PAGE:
On Sunday, University of Rhode Island Theatre captured a crowd’s attention during its presentation of “Italian American Reconciliation” and the crowd’s attention was immediately caught up with the witty Italian banter and flair towards the inappropriate.

Chris Morris did an excellent job of portraying Italian lifestyle as Aldo Scalicki in a way that would make it easy for other Italian-Americans to resonate with his performance, specifically his dialect and mannerisms. The acting was very realistic as well, especially concerning male and female friendships within the culture.

“Italian American Reconciliation” was originally written by John Patrick Shanley in 1986. It is a comedic play featuring the characters of Aldo Scalicki and Huey Maximilian Bonfigliano (Steve Carvahlo). Aldo and Huey are two good friends having relationship issues during the prime years of their lives. Huey, who has been divorced for three years, cannot move on with his life because his ex-wife, Janice, took away all of his confidence.

This carries over into his relationship with Teresa, the girl with the looks, personality and general demeanor that all the guys on the block wish their girlfriends could have, even though Teresa, who was played by Emma Walker, has everything a guy could want, Huey is still unsatisfied. He has taken to dressing in odd clothing and moping around like a guy with nothing going on. As his friend, Aldo feels obligated to help him out of his slump by doing whatever it takes.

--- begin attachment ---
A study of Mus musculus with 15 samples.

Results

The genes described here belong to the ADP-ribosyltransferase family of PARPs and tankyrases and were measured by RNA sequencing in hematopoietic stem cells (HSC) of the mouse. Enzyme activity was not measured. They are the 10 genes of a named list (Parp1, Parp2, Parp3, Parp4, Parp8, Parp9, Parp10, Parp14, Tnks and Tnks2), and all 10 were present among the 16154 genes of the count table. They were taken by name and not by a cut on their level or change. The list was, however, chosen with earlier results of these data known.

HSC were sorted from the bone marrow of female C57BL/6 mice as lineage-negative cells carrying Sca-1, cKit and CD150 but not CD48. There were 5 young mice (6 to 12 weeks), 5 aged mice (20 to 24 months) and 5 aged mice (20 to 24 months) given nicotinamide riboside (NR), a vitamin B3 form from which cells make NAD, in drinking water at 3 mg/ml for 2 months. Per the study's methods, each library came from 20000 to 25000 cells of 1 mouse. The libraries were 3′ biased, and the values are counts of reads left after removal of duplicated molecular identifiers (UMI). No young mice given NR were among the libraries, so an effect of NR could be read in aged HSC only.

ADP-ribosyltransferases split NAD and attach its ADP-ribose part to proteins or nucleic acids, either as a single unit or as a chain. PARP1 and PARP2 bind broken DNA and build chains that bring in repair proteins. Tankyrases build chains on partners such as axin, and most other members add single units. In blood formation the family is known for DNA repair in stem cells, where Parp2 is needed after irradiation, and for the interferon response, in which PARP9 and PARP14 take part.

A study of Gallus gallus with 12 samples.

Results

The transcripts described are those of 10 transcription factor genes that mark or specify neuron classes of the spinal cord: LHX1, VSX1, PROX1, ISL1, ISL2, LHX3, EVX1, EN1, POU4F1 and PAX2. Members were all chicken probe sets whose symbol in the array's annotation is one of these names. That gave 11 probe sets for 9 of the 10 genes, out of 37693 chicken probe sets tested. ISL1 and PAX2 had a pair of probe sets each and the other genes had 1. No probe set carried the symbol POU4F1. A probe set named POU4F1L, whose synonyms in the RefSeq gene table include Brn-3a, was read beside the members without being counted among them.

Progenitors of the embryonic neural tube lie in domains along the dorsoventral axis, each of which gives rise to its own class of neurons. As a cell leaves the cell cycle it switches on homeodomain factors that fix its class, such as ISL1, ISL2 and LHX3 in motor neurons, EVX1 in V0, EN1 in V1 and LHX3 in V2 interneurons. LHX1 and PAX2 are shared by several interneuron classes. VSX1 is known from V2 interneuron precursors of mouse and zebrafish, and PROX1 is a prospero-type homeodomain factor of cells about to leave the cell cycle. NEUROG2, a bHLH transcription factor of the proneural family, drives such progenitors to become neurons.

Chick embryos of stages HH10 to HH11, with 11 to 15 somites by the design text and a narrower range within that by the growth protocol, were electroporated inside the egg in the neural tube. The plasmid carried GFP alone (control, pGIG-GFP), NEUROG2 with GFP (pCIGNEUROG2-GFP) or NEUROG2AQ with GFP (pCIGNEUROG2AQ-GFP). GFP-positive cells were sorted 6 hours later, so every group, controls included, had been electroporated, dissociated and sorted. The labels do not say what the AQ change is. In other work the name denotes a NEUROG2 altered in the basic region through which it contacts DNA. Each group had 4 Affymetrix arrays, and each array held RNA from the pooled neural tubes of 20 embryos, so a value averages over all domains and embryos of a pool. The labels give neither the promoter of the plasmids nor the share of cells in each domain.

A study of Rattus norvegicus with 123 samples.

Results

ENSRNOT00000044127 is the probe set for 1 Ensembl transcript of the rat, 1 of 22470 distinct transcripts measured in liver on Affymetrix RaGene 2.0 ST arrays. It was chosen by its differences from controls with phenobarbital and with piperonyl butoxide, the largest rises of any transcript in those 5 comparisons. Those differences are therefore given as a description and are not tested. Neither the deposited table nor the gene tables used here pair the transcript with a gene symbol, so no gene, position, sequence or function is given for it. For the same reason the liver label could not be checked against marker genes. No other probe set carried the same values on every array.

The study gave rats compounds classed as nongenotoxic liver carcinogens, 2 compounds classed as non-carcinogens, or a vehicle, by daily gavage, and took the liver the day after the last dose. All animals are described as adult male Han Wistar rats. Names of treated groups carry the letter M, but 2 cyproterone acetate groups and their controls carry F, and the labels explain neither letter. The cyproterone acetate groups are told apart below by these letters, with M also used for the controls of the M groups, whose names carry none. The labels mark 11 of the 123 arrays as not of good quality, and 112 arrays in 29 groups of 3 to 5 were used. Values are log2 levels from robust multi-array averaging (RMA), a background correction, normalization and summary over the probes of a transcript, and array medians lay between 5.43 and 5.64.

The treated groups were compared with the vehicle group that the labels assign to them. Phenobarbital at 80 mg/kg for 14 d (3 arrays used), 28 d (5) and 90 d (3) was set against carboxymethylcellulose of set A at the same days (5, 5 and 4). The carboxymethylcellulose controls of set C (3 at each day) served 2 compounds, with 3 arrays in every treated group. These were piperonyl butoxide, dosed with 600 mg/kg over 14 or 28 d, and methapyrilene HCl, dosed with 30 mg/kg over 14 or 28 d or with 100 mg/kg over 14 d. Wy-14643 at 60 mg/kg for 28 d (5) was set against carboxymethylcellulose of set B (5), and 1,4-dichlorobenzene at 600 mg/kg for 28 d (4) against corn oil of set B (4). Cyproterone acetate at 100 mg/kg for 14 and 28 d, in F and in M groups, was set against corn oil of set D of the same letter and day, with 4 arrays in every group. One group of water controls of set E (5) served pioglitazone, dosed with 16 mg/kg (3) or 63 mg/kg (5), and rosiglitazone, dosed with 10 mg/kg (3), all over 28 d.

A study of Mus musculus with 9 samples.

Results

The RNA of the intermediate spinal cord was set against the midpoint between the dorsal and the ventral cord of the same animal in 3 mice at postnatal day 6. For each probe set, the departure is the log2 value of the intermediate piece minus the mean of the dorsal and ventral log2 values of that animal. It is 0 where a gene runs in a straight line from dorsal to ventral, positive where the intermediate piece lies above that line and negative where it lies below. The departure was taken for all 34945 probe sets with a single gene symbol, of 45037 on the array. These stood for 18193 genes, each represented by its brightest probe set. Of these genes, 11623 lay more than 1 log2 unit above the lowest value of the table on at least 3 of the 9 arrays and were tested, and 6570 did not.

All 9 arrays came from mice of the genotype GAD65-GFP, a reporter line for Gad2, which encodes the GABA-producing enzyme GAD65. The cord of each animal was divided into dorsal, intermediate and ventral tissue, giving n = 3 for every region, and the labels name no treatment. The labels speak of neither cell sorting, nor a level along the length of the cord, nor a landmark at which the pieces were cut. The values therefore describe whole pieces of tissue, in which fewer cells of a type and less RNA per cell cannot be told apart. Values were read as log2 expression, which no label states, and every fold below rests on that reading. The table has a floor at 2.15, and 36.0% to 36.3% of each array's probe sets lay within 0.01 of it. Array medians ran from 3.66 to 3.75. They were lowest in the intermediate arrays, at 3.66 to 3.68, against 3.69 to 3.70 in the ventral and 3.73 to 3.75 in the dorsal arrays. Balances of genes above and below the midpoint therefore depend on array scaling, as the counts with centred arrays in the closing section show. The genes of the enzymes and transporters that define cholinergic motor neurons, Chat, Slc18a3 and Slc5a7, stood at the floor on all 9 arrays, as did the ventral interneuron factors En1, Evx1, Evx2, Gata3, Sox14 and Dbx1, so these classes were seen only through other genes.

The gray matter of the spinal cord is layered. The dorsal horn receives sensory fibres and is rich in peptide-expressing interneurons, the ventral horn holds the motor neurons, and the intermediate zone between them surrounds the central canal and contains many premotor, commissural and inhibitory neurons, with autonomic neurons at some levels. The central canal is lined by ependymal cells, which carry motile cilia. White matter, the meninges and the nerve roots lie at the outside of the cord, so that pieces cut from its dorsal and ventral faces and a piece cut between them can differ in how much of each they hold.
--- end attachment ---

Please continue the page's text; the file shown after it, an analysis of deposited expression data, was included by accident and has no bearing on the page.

Together, Huey and Aldo come up with a plan to set Huey back up with Janice, his sexy, shrewish, and more than a little crazy ex-wife.

The cast at-large agreed that acting comes naturally to them. Most have been acting since before high school, adding that their drive for acting is fueled by the adrenaline of being on stage and also from the instantaneous reactions from the crowd.

Director Vincent “Vinny” Ballirano put together a excellent, well-tailored story that the whole audience seemed to enjoy throughout. Technical director and set designer Stephen Peterson was able to easily convey the city feeling with only three scenes, which were all built into the same set.

The play consisted of an enjoyable and perfect blend of humor, pity, and semi-predictable scenarios that lovers often face in life that kept the audience laughing.